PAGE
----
Revisiting My Old Lettering Work
I revisit my old work a lot. Sometimes I would just scroll through my Instagram feed, or look through my stash of practice sheets and drafts. I have not done that in a while.
When a good friend Mye saw one of my older pieces, she said, "You should totally try to do it again. I do it all the time!" I thought, "Why not?" So I told myself I'd do it.
I whipped out my trusty charcoal pencil and my new favorite black notebook and started copying the layout from the original piece I worked on last year. I remember this to be a one-hit wonder. It was a lucky shot, one that I could not replicate for a long time no matter how hard I tried.
As I drew the guidelines, I had a rush emotions I have not felt in a long time. There was a sense of calm. At the same time, there's a sudden jolt of energy that sent my arm on autopilot, and my hand immediately knew what it wants to draw.
The strokes felt natural; and the layout, familiar.
During this time, I've been reminiscing on how and why I started lettering. In my mind, I traced my roots. I wondered how many likes this post garnered back then. I was thinking about how it felt not knowing what I know now - when I was blindly following trends and just doing things that seemed appropriate.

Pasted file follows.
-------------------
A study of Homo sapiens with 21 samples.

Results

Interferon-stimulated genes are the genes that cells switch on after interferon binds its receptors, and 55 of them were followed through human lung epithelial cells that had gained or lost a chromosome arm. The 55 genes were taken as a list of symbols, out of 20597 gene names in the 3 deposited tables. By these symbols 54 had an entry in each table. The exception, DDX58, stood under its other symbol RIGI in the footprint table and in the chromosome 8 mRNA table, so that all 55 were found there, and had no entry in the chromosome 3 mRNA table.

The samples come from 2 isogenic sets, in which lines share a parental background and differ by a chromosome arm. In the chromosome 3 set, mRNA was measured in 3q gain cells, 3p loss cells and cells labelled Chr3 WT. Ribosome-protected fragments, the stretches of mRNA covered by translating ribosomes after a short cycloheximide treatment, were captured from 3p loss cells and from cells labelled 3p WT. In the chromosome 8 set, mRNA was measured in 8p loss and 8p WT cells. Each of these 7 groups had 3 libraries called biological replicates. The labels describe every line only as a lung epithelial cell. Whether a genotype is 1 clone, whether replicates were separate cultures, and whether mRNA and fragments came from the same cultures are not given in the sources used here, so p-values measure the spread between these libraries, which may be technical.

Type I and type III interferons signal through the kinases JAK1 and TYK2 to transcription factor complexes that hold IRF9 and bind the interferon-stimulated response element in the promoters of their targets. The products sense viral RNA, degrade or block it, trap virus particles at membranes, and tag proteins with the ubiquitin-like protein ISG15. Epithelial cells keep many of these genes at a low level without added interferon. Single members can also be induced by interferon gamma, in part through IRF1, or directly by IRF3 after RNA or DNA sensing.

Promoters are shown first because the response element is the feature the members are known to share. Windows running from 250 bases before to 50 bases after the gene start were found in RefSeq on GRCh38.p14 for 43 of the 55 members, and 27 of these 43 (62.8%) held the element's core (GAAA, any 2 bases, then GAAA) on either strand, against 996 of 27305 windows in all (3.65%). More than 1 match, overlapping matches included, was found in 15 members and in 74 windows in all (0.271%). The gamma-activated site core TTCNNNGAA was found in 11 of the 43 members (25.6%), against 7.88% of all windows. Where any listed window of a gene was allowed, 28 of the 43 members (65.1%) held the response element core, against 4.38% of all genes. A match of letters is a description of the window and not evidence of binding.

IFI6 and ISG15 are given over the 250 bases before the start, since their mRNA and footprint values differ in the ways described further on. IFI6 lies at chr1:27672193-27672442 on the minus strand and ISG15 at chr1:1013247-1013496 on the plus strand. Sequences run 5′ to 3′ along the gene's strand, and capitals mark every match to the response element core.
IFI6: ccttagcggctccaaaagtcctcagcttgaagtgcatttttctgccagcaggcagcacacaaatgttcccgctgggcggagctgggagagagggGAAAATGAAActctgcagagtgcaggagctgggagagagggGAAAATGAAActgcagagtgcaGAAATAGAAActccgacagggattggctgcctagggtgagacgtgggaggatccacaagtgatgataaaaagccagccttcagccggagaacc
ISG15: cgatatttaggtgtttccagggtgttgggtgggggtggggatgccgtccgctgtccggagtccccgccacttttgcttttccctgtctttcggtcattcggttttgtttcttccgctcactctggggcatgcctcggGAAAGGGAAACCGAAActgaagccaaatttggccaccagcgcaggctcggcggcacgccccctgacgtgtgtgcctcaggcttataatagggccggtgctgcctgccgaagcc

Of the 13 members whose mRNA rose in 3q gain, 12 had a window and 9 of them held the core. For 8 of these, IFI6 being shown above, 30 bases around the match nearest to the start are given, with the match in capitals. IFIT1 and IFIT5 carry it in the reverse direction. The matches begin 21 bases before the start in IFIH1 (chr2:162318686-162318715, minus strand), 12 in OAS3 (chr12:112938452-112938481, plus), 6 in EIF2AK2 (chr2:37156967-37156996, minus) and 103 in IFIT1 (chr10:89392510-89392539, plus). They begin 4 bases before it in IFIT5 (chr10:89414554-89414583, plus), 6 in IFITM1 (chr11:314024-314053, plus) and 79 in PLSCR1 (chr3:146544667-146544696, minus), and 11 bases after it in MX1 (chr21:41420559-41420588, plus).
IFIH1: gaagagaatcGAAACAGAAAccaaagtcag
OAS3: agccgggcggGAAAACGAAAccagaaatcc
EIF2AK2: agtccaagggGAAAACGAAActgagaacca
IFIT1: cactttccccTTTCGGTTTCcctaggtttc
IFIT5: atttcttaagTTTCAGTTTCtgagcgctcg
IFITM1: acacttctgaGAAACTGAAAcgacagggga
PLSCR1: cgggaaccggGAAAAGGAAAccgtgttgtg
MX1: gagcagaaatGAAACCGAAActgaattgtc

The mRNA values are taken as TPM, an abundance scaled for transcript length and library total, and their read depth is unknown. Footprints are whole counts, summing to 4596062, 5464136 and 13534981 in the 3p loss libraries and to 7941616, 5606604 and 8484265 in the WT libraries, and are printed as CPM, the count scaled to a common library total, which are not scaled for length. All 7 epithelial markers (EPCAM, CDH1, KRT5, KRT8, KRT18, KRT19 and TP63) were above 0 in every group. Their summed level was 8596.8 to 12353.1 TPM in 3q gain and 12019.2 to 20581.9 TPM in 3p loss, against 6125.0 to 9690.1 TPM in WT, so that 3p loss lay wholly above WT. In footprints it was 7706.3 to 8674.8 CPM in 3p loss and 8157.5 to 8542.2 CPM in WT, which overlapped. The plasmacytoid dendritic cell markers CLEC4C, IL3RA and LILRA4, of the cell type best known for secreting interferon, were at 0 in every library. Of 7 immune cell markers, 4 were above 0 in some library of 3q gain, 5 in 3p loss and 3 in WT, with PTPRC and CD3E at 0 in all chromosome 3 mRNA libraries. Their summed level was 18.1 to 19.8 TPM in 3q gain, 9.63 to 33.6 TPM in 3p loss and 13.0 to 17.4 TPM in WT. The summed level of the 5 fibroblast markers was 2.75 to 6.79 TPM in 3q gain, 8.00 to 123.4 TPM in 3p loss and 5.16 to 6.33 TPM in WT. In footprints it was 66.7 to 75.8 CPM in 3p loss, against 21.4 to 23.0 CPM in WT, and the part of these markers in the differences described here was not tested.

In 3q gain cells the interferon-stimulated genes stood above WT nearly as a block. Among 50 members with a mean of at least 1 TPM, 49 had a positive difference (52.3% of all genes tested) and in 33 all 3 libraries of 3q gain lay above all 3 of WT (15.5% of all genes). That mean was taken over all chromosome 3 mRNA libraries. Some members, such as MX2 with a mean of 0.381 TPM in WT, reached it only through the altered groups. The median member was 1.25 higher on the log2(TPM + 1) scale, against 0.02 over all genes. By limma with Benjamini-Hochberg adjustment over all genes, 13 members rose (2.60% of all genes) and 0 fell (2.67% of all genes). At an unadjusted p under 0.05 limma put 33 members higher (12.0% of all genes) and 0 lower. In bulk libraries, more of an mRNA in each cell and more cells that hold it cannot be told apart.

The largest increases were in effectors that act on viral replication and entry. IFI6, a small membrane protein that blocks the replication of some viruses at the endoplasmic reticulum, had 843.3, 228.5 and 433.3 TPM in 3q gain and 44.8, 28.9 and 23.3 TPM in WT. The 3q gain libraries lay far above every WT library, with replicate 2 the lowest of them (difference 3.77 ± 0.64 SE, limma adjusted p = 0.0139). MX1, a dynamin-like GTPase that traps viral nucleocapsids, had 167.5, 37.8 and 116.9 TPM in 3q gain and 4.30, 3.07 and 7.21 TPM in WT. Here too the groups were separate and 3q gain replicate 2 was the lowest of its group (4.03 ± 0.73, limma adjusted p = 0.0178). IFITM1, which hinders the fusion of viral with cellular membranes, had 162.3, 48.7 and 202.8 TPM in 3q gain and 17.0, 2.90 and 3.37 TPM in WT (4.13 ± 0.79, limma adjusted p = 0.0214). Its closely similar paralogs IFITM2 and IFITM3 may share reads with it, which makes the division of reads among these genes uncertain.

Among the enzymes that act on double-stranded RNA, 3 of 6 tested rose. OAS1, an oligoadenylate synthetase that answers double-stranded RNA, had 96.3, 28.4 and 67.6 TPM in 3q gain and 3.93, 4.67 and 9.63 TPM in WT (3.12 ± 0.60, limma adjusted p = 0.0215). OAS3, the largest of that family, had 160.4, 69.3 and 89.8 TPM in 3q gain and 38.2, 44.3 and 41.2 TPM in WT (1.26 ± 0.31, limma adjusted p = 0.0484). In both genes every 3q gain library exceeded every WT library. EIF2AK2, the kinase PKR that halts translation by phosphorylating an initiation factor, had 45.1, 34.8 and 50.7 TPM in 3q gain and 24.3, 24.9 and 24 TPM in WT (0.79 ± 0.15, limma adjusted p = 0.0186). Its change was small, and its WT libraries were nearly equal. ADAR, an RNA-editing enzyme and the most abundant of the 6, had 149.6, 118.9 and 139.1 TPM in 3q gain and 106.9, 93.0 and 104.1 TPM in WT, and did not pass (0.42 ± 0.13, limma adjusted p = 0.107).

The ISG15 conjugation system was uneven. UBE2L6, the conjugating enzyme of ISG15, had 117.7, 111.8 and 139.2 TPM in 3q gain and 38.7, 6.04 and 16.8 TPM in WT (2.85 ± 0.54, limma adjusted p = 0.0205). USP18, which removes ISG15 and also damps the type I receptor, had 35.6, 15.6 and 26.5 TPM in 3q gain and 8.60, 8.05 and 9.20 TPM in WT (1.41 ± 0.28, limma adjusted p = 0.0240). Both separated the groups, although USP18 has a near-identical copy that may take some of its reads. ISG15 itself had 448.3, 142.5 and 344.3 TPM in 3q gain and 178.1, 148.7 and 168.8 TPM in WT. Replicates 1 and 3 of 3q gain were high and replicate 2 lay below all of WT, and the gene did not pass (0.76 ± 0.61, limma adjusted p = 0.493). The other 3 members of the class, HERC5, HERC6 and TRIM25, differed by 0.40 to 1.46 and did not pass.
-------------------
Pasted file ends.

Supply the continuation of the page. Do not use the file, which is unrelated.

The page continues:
Thoughts came rushing in like a wrecking ball (unlike Miley, they were clothed).
It was a welcome change. For recently, I have been too focused on outputs and goals, and on meeting deadlines. I needed a reminder to enjoy the scenery and to be grateful for what has been.
The text feels apropos for reminiscing the why - for the love of letterforms.
And after completing the work, I began to compare the two. It appeared that there's not much of a difference. But to me, revisiting my work represented a lot of things. The old and the new represented different things and times in my life. It made me realize that:
- I have grown so much.
- I have something to call my passion.
- I have started to develop my own style.
- I am more confident than ever.
- I have something to call my own.
Making the new piece was more than trying to do it better. Rather, it was about reaffirming my progress, seeking fulfillment and overcoming struggles. It was about continuing on despite setbacks. It represents all the experiences I've gone through and the people I met along the way whom I admire and cherish.
Through the years, I became more consistent and confident. Until now, I continue to find more reasons to believe in myself. It’s personal, really. Redoing a piece from the past was a way for me to commit to the lessons I have learned and to affirm who I am as an artist.
Undoubtedly, I will still grow. And eventually, when I look back to this point in time, I hope to be able to tell myself how proud I am of myself and how far I have come.